December 19, 2012

    As winter begins to rear its ugly head and another year winds down, the Daily Democrat begins its annual look at the year's top stories, as chosen by employees of the newspaper.
    This year, we've decided to stretch out the usual Top 10 to a Top 12 — or 12 in '12.
    Today we begin with No. 12.

    
    Two Decatur residents were arrested in October in connection with a case that resulted in two children being removed from the custody of their parents and a home at 104 S. 11th Street being condemned by the Adams County Health Department. Those events were voted as the Daily Democrat's No. 12 news story of 2012.
    Jason C. Hausauer, 42, and Sondra D. Hausauer, 37, both of Decatur, were charged with neglect of a dependent, according to police records.
    Former Decatur Police patrolman James Franze reported that on August 9 he was met by Child Protective Services case worker Megan Ross, who requested assistance at the 11th Street home in reference to a report of children living in unhealthy conditions.
    Franze said he was familiar with the residence from two prior visits, in 2008 and 2010, that involved the health department declaring the home unfit for human habitation, according to court documents.
    Franze also stated that as he and Ross were standing on the sidewalk, he could detect “a very strong odor of what I felt to be ammonia coming from within the house that I associate with animal feces and urine.”
    When Sondra Hausauer came to the door, Ross advised her they were there regarding to a complaint of the conditions the children were living in and asked permission for herself and Franze to enter the home, according to court records.
    Franze stated upon entering the home his “breathe was taken away” from the stench of ammonia. He allegedly observed swarms of flies resting and feeding on ground-in food on the floor and entry way.
    Inside the home, Franze said he found Jason Hausauer was sitting on a couch. The officer said the entire area was in a state of disarray, with dirty clothing, blankets, spoiled food, moldy drinking containers, and general filth strewn throughout the room, according to the affidavit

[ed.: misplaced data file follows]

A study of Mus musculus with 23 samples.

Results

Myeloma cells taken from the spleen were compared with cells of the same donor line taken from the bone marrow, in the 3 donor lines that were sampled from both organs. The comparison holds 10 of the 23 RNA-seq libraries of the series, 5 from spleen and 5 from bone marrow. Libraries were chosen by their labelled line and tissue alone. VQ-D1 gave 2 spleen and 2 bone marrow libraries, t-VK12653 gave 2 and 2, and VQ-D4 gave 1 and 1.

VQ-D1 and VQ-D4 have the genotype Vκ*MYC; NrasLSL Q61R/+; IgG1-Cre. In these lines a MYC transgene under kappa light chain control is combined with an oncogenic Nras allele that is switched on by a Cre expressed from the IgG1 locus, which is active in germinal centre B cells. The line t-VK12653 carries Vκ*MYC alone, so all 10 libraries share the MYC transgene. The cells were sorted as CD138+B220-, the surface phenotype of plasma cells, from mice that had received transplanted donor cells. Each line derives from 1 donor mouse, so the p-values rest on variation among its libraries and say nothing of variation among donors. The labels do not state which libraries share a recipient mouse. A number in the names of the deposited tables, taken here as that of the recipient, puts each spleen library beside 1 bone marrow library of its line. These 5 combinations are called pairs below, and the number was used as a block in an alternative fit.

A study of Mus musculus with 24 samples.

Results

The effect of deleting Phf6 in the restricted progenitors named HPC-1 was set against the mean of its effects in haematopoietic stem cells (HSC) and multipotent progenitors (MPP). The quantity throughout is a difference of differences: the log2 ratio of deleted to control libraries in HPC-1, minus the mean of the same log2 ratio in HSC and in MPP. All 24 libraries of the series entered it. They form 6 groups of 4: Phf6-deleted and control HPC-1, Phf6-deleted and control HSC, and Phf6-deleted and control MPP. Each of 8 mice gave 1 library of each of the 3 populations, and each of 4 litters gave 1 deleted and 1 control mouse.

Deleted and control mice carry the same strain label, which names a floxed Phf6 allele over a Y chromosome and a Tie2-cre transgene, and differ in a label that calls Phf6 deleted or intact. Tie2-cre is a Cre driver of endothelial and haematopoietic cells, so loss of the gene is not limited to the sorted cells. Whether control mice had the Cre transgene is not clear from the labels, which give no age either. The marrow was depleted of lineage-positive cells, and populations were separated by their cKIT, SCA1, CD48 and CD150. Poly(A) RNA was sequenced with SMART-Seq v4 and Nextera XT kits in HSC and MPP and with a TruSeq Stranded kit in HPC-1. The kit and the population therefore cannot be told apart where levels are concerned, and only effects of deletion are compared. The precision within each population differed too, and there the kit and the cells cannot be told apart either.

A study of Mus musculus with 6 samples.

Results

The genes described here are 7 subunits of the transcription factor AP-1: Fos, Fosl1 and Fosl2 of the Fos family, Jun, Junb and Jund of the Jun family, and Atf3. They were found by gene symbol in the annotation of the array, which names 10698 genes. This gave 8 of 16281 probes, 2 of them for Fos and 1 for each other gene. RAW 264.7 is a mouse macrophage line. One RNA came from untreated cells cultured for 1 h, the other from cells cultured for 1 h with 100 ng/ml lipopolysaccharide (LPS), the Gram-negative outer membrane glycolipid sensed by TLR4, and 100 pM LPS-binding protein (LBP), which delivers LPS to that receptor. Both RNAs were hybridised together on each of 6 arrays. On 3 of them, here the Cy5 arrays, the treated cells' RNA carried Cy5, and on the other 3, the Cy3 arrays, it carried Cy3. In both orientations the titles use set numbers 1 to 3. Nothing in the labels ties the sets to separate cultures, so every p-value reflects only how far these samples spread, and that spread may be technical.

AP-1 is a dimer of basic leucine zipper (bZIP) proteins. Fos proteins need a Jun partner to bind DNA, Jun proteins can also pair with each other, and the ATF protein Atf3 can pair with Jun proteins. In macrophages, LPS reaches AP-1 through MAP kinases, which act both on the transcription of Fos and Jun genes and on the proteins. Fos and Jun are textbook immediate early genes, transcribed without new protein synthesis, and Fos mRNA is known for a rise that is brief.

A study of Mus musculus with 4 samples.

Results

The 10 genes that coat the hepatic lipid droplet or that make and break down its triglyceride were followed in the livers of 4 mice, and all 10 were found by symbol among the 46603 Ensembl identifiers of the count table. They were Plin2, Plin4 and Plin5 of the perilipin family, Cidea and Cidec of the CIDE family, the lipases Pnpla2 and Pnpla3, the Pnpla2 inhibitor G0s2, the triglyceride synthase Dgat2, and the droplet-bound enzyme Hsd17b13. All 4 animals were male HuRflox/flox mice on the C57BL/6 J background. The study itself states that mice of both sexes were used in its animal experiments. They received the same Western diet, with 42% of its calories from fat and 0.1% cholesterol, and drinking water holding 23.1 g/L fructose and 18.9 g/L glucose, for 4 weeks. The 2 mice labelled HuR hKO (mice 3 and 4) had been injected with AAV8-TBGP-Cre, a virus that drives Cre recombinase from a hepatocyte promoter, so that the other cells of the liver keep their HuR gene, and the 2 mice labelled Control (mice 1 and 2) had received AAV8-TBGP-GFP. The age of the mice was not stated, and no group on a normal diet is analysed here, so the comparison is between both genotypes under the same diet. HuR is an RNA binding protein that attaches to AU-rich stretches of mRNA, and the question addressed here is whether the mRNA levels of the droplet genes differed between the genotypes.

Franze said the carpeting in the room was covered with animal feces and urine, as was a neighboring room with carpeting so worn it was only a hard crust of rubber backing with animal feces and urine ground in.
    As Franze and Ross proceeded upstairs to the children’s bedrooms, Ross allegedly stepped on something under a blanket in front of the
parents’ bedroom, according to the affidavit.
    Franze removed the blanket and allegedly discovered a deceased dog covered with fleas and flies  that was already in the stages of decomposing, according to the probable cause affidavit.
    The report also stated that Franze and Ross allegedly found the children’s bedrooms covered in dried feces and urine.
    In the kitchen, Franze reported he observed several cats running along the counters and moldy dishes in the sink. Inside the refrigerator, Franze allegedly found spoiled food, along with a bowl of milk that had several dead fleas floating inside, according to the probable cause.
    As Franze, Ross, and the Hausauers stepped outside to talk, Franze noted Jason’s body was allegedly covered with open sores that appeared to be flea bites, according to the probable cause.
    At that time, Franze reported he felt biting on his legs and allegedly found his pants, socks and shoes covered with fleas, and several were under his pants leg biting him. Franze also observed several fleas on the clothing of Ross, according to the affidavit.
    Franze stated he then contacted Terry Smith of the Adams County Health Department and Decatur Building Director Roger Gage who, upon arrival at the home, declared it was unfit for human habitation. It was declared condemned by Smith, according to court records.
    Ross removed the children for placement while the investigation continues, according to the probable cause affidavit.
    Seven cats, five kittens, two dogs and the dead dog were removed by officials.
    Health department director Terry Smith said the house remains condemned and will remain so for the forseeable future.
    The Hausauers' next scheduled court appearance is set for January.